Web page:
One winter’s day at the end of the ’50s, in the Melbourne suburbs of my childhood, I received in the mail an official-looking certificate on thick paper with impressive calligraphy announcing, grandly, that I had been accepted as a member of the National Geographic Society. It was signed by “Melville Bell Grosvenor, President and Editor”.
The main (indeed the only practical) benefit of my membership was that I was eligible to receive each month, in its familiar black and yellow binding, the National Geographic magazine. My grandfather, the author of this birthday gift, believed firmly in the educational benefits of exposure to the wonders of the planet.
But, as each new issue arrived, it was soon clear that what really fired my imagination were not the exotic descriptions of “My Life with Africa’s Little People”, or “Deep Diving by Bathyscape off Japan”, or even “Russia as I Saw it by Vice President Richard M. Nixon” (also a member of the National Geographic Society). No - sadly, shallowly - the pages to which I turned as soon as the magazine hit the letterbox, the landscape in which my mind mostly wandered, were the advertisements framing the articles.
In that pre-globalised world, these showed astonishing wonders: the finned glories of the Lincoln Continentals, the Cadillacs and the Ford Thunderbirds (so much more desirable than our family’s black FJ Holden); refrigerators that made their own ice; 23-inch Picture Window Zenith Colour Televisions, shown in elegant apartments that looked out at New York skyscrapers; Frigidaire Dishwashers (who had heard of such a thing? “New for 1960 to sparkle, wash and sanitise your dishes”); and the Bell Telephones that were available, unimaginably, not just in black but in pink, blue, white and red.
These advertisements reinforced a new image of America seeping into my pre-adolescent mind from the recently arrived television shows - Leave it to Beaver, the Mickey Mouse Club - and edging out the primal images of cowboys and Indians from the radio serials of a few years before. The people depicted were more or less like us, but they lived in a world that was bigger, brighter and much more generously endowed - a world, in other words, like paradise. Paradise was clearly different from heaven (or certainly from the heaven of my Summerhill Road Methodist Sunday School theology).
Heaven was calm, pensive, slightly tedious, shrouded in a pale mist. But paradise was like us, only more so. On a grander scale, and in richer abundance. The idea of paradise always has a foundation in reality, and America was sufficiently like us to qualify. So my first America was not the America of Lincoln or FDR, but the America of postwar plenitude. The America of the Springfield Ride-on Mower (“Makes Mowing Fun!” I could only dream).
Mine was probably the last generation of Australians for whom the vision of the United States as a paradise in this sense was possible. Never again would America so dominate the global economy. Soon enough I was a teenager, and reality intervened. The ’60s were upon us, and with them the world of the civil rights movement and assassinations and the Vietnam War.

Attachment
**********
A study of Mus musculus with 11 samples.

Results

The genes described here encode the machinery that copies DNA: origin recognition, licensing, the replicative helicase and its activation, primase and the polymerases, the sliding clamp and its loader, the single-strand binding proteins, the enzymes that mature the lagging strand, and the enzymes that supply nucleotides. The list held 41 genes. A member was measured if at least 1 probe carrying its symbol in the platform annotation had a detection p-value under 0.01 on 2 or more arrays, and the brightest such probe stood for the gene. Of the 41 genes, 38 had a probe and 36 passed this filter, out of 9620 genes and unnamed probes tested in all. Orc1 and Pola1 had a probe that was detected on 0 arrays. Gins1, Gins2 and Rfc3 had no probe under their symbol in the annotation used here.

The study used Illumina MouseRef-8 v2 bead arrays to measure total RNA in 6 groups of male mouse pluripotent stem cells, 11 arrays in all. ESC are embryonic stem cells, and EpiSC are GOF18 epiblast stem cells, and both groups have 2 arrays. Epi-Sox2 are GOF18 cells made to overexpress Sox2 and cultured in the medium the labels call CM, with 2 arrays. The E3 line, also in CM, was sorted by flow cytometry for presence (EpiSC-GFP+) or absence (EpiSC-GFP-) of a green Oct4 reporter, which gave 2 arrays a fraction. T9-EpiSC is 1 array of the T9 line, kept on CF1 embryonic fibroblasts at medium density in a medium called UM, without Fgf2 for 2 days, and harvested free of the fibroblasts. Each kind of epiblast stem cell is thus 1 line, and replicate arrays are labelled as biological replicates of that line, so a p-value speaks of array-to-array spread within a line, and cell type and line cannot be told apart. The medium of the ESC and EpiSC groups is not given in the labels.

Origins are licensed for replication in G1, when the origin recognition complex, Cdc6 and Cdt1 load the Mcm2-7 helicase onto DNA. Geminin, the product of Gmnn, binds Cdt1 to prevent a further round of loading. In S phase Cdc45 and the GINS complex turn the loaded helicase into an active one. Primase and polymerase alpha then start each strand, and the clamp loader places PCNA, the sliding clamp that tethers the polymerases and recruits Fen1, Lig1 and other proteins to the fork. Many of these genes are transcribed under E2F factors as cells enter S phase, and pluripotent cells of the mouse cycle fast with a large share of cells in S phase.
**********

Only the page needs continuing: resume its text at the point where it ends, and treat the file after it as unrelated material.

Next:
Serpents had entered the garden. My views of the United States became more complicated. You could admire the people, be energised by the music and envy the society that delivered such dynamism, but it was no longer paradise. And the complications continued - as they always will for anyone who looks carefully at the United States. I didn’t get to America for many years, but then I lived in Washington, at the heart of it all, and experienced how much more complex the reality was from the imagined America of the Australian mind.
I loved the openness and friendliness of the people (even in the tightly buttoned Washington suburbs), the dynamism and optimism of the country and the expansive freedom of the debate. But an Australian friend who lives in the United States comments perceptively that the reason Americans are so friendly to foreigners is that they assume that the rest of the world is in the process of becoming American. That’s true - and it is, of course, precisely part of the problem for the rest of us.
The history of Australia’s relations with America reflects these complications. It has by no means been smooth sailing - misjudgments, misunderstandings and misreadings have been part of it from the beginning. (A fine short history of the relationship can be found in Peter Edwards’ Lowy Institute Paper “Permanent friends: historical reflections on the Australia-American alliance”, available at www.lowyinstitute.org.)
Early European settlers arrived on this continent expecting their experience to mirror that of the United States - with a fertile continent opening up in profusion before them. But it wasn’t like that. Instead of the Great Lakes and the Great Plains, they found the Great Sandy Desert. One result was to ensure that there was no room in our national character for the “romantic”, establishing the central cultural difference between our two societies.
But our uncertainty about our capacity to hold the continent to which we staked claim gave us a great interest from the beginning in what the United States could do for us.